By-elections: what's at stake for the parties?
The polls have closed in two by-elections - Heywood and Middleton near Manchester and Clacton in Essex. What will be on the parties' minds as the votes are counted?
Have you ever heard the line "Second place is just the first loser"?
Since the general election in 2010, UKIP has chalked up seven second-place finishes in Westminster by-elections. Here's the roll call: Barnsley Central, Rotherham, Middlesbrough, Eastleigh, South Shields, Wythenshawe and Sale East, and Newark.
The expectation tonight is it will add an eighth runner-up spot in Heywood and Middleton on the outskirts of Manchester. Oh, and it'll make a bit of political history too - by securing its first ever elected MP in Douglas Carswell in Clacton.
Yes, victory for UKIP on the Essex coast might be widely expected, "priced in" as some at Westminster put it, but make no mistake: it's a big moment for UKIP and a big moment for British politics - the moment the "purple peril", as its critics see it, is elected to the Commons for the first time. Picture the moment when Mr Carswell stands up for the first time to throw a question at the prime minister.
For some time senior Conservatives have acknowledged they are fighting an election battle on two fronts. The old enemy, Labour, and the upstart UKIP, those chuckling party poopers who can simultaneously send a frisson of excitement through some former Conservative voters, and a cold blast of anxiety through Tory high command.
Yes, a good number of Conservative frontbenchers have hopped on the train to campaign in Clacton, but have done so recognising that beating their old colleague Mr Carswell is probably a lost cause.
If tonight is about history, the next by-election, in Rochester and Strood, in Kent, is about psychology.
The Conservative battle to defeat Mark Reckless, who has also left to join UKIP, will be on an altogether different scale.
Why? Not because beating him will defeat UKIP for good, but because beating him will prove to Conservative activists that UKIP are beatable, something they'd see as a very welcome fillip, six months out from a super-close general election.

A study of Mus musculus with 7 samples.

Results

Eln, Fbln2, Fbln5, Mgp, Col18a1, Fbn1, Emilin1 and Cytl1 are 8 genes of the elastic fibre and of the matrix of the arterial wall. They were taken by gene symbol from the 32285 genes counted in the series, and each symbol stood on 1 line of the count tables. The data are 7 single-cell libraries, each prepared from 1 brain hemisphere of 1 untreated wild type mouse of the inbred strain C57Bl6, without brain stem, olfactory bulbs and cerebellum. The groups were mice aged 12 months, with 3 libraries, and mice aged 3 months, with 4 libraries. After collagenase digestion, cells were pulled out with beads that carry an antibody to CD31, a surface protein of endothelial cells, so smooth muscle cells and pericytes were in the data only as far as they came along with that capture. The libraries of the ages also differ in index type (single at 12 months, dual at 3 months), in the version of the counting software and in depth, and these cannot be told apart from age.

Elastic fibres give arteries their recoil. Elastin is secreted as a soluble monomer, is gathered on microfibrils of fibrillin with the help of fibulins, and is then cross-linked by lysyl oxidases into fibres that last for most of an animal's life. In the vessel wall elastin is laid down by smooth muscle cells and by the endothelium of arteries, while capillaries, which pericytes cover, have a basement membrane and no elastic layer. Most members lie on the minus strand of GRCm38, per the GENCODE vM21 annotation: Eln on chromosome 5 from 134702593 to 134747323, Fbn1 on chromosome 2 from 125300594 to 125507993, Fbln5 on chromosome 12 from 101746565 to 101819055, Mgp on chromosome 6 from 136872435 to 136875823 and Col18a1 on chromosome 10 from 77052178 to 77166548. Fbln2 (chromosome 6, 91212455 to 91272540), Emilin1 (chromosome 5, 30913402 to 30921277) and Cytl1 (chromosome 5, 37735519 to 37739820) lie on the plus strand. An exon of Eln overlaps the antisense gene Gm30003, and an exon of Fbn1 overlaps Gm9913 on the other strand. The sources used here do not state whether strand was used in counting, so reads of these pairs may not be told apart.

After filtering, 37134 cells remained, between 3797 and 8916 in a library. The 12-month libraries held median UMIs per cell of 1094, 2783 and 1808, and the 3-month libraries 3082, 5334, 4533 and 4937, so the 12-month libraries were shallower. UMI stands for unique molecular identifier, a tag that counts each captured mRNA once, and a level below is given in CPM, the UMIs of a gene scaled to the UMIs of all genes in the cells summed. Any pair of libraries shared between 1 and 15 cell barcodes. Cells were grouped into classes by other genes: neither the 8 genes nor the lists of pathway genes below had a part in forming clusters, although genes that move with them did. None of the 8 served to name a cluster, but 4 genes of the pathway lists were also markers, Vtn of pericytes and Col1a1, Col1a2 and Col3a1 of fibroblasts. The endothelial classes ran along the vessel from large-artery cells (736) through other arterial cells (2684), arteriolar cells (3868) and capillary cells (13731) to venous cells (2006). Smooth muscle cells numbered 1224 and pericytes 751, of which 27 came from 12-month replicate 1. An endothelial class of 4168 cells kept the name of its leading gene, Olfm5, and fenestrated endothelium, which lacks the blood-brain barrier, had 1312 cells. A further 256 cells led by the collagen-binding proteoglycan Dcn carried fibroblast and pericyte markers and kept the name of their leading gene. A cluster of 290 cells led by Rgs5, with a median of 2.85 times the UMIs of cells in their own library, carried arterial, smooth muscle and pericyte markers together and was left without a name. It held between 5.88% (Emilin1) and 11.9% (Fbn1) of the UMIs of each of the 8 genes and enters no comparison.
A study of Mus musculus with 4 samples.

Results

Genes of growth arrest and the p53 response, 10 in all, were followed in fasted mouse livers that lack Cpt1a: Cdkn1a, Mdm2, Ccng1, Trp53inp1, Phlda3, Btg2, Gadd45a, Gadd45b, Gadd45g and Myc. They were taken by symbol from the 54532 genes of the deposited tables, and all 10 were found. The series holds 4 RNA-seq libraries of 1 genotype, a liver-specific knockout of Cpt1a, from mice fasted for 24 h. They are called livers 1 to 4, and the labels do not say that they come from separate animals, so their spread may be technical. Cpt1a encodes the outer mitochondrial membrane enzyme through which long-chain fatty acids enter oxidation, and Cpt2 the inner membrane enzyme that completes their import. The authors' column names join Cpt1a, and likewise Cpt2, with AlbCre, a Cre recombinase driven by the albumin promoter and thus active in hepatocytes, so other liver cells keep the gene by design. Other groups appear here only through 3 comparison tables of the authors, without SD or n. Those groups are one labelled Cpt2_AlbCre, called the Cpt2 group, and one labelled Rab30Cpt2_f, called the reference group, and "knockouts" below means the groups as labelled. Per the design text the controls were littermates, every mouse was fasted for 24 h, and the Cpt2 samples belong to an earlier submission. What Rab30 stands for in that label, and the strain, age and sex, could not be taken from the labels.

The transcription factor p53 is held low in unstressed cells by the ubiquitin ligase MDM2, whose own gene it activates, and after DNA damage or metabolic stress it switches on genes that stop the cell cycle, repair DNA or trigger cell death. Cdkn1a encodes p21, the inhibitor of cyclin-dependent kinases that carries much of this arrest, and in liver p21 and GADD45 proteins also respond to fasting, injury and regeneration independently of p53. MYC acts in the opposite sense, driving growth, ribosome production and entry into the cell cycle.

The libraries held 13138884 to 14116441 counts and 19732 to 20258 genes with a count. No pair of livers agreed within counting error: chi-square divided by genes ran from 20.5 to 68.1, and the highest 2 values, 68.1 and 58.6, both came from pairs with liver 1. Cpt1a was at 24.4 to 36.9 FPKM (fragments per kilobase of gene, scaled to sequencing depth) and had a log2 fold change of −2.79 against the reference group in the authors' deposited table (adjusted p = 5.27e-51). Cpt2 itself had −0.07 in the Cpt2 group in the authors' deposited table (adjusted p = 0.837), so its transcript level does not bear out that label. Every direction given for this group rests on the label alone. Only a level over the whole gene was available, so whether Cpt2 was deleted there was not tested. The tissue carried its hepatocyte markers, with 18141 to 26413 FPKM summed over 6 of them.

Much of the talk about the growth of UKIP has focused on the threat it poses to the Conservatives. I plead guilty. I've just done it.
But Labour is waking up too, to the threat UKIP poses. Of those seven second places UKIP has already managed, five were in apparently safe Labour seats. All five were in urban northern England, where the Conservatives are weak.
So while winning Heywood and Middleton is a must for Ed Miliband, another second place for UKIP would prove the continuing threat it poses to Labour.
Plenty of those drawn to UKIP are done so by their pitch to people who feel that politics has left them behind, forgotten them, ignored them. Plenty of those people may have voted Labour before, may never imagine voting Conservative or even voting at all - but are tempted by UKIP. For Ed Miliband, that's dangerous.
The Liberal Democrats
For so long the nimble masters of the nifty by-election victory, since joining the coalition the Lib Dems have plunged to near subterranean depths of by-election embarrassment.
Shortly after the last Westminster by-election in Newark, Nottinghamshire in June, former Lib Dem MP Lembit Opik summed it up like this: "So, Lib Dems come sixth, behind Independent and Green, but ahead of Nick the Flying Brick (Loony). The revival has begun."
And sixth was rather better than the party fared in Rotherham in 2012. It finished eighth there, with 2.11% of the vote.
So dire has been the Lib Dem performance in most by-elections since 2010, that in nine of them they have failed to keep their deposit - the 500 quid a party has to stump up to stand, which is returned if the candidate secures 5% of the vote or more.
The Lib Dems don't have any victory parades planned for Friday.